Supply-side triple shock sends oil prices higher

Brent makes another run at $80 per barrel on declining U.S. inventories, lower Venezuelan production and threats to Iran's oil sector.
By Daniel J. Graeber Follow @dan_graeber Contact the Author   |  May 22, 2018 at 10:15 AM

Crude oil prices rallied early Monday after U.S. Secretary of State Mike Pompeo vowed to tighten the sanctions noose on Iran. Pompeo's address, the first since he took office, followed a May 8 decision by U.S. President Donald Trump to pull out of the Iranian nuclear deal.

The price for Brent crude oil is up 5 percent since Trump's announcement. Iran is a member of the Organization of Petroleum Exporting Countries and the decision means as much as 1 million barrels of oil per day could disappear from the global market.

A market surplus helped push oil prices below $30 per barrel two years ago. The surplus, meanwhile, meant the market had enough extra supply to navigate through periods of heightened geopolitical risk.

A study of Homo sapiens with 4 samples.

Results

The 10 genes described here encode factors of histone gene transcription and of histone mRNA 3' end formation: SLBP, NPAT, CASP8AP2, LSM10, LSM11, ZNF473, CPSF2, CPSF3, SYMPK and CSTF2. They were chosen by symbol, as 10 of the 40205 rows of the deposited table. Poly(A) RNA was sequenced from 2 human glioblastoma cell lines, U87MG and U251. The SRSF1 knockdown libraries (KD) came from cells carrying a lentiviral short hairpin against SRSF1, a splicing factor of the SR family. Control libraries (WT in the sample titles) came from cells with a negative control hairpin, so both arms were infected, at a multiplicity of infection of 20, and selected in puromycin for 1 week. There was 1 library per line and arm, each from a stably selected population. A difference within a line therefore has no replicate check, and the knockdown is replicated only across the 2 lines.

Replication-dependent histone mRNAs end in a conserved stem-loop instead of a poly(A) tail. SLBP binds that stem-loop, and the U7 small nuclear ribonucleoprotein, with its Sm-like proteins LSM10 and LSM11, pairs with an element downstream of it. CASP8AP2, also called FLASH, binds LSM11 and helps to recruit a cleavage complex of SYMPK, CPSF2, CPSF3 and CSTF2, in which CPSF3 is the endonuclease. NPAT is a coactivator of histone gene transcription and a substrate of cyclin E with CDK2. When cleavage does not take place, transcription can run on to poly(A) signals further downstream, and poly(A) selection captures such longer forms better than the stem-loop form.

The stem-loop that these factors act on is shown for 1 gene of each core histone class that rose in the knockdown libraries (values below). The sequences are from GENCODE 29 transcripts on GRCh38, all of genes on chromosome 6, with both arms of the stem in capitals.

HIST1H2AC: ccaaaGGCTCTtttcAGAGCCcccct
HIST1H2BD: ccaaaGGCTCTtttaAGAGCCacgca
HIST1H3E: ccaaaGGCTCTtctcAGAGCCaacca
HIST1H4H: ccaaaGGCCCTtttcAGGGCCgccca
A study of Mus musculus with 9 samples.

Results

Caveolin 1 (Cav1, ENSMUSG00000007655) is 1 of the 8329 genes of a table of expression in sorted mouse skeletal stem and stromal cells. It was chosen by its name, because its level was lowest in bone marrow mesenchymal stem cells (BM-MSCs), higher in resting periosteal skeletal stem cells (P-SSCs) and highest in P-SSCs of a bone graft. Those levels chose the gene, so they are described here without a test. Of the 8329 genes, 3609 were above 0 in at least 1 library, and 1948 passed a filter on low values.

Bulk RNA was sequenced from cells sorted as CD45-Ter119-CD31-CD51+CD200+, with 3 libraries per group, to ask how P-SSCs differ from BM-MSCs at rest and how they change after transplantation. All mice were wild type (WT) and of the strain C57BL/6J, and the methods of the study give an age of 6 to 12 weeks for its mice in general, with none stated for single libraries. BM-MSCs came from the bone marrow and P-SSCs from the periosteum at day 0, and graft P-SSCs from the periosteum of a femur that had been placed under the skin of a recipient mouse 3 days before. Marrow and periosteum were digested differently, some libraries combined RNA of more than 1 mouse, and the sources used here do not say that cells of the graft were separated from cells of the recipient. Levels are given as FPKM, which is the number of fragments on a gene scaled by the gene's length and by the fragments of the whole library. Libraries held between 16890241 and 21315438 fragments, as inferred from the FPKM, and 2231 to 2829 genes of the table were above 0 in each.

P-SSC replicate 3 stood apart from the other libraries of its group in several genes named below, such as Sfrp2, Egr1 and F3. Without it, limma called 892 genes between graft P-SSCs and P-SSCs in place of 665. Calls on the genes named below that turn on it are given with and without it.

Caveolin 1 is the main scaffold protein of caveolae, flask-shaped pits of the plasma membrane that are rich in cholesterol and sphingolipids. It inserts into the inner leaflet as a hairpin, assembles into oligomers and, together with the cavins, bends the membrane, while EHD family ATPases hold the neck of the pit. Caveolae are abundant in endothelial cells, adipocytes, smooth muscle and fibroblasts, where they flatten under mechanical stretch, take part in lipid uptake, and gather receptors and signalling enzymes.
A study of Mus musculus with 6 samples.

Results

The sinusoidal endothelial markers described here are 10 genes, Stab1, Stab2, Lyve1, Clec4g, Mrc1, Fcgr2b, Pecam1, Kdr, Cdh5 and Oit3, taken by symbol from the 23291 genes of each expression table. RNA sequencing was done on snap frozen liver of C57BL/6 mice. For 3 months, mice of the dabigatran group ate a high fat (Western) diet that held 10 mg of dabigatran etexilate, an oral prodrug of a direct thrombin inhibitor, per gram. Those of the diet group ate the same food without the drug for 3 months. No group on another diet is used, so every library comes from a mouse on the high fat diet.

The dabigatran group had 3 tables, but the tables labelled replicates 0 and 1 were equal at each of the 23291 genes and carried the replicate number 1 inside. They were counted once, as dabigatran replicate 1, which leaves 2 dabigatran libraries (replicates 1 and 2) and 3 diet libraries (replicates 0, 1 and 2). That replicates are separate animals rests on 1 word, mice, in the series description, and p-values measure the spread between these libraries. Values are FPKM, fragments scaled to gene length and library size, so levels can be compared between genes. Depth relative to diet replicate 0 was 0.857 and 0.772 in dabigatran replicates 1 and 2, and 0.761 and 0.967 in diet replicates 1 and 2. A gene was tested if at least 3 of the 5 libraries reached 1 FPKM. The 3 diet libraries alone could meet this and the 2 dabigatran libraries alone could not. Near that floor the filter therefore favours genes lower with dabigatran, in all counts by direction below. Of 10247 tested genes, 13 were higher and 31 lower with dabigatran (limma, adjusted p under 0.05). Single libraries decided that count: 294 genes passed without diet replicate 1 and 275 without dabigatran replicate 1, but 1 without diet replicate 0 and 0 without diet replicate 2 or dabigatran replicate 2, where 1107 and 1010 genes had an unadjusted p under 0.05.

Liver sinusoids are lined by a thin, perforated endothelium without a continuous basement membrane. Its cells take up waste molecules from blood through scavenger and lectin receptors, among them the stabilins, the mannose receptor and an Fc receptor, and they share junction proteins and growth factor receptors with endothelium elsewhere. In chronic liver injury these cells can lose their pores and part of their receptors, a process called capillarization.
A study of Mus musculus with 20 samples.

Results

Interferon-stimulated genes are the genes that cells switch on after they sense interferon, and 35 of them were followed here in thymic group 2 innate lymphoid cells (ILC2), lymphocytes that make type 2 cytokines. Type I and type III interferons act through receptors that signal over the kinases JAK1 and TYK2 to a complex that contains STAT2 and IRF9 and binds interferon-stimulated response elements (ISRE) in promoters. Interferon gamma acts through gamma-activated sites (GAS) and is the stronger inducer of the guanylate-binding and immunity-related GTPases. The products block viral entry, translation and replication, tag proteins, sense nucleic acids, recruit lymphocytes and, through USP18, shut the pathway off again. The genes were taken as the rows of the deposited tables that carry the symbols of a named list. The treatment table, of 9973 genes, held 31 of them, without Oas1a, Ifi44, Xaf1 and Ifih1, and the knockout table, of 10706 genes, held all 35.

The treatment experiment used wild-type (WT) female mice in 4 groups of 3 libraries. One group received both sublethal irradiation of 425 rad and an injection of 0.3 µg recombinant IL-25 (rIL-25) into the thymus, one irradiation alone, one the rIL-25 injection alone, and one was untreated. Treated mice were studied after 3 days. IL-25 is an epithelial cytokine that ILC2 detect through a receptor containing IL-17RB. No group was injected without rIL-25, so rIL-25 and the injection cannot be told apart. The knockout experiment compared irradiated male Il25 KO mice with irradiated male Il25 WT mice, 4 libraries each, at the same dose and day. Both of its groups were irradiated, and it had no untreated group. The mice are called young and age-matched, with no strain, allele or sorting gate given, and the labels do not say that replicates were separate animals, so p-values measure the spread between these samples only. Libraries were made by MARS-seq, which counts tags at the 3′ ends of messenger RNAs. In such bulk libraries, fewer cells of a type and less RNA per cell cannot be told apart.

Analysis emailed from commodity pricing group S&P Global Platts, meanwhile, revealed expectations of a 1.7 million barrel drain on commercial crude oil inventories in the United States, showing the market is now moving toward a deficit.

The price for Brent crude oil was up 0.95 percent as of 9:17 a.m. EDT to $79.97 per barrel, making at least its second run on the psychological threshold of $80 per barrel since Trump's decision on Iran. The price for West Texas Intermediate, the U.S. benchmark for the price of oil, was up 0.10 percent to $72.42 per barrel.

The situation was compounded Monday when the U.S. government tightened sanctions on Venezuela after Nicolas Maduro secured another six-year term as president of the OPEC nation. Sanctions have already pushed Venezuelan production to historic lows.

Phil Flynn, the senior market analyst for the PRICE Futures Group in Chicago, said in a daily emailed newsletter the U.S. crackdown on Iran and Venezuela is adding a risk premium to the price of oil.

"Venezuelan oil production will take another hit as capital in the country dries up," he said. "OPEC is now suggesting that they may step up to the plate to replace their oil, but they are not in a hurry to do so."

OPEC is in year two of an effort to drain the market surplus with coordinated production declines.

The market rally will be tested by inventory data from the American Petroleum Institute, which is published after trading closes Tuesday in the United States.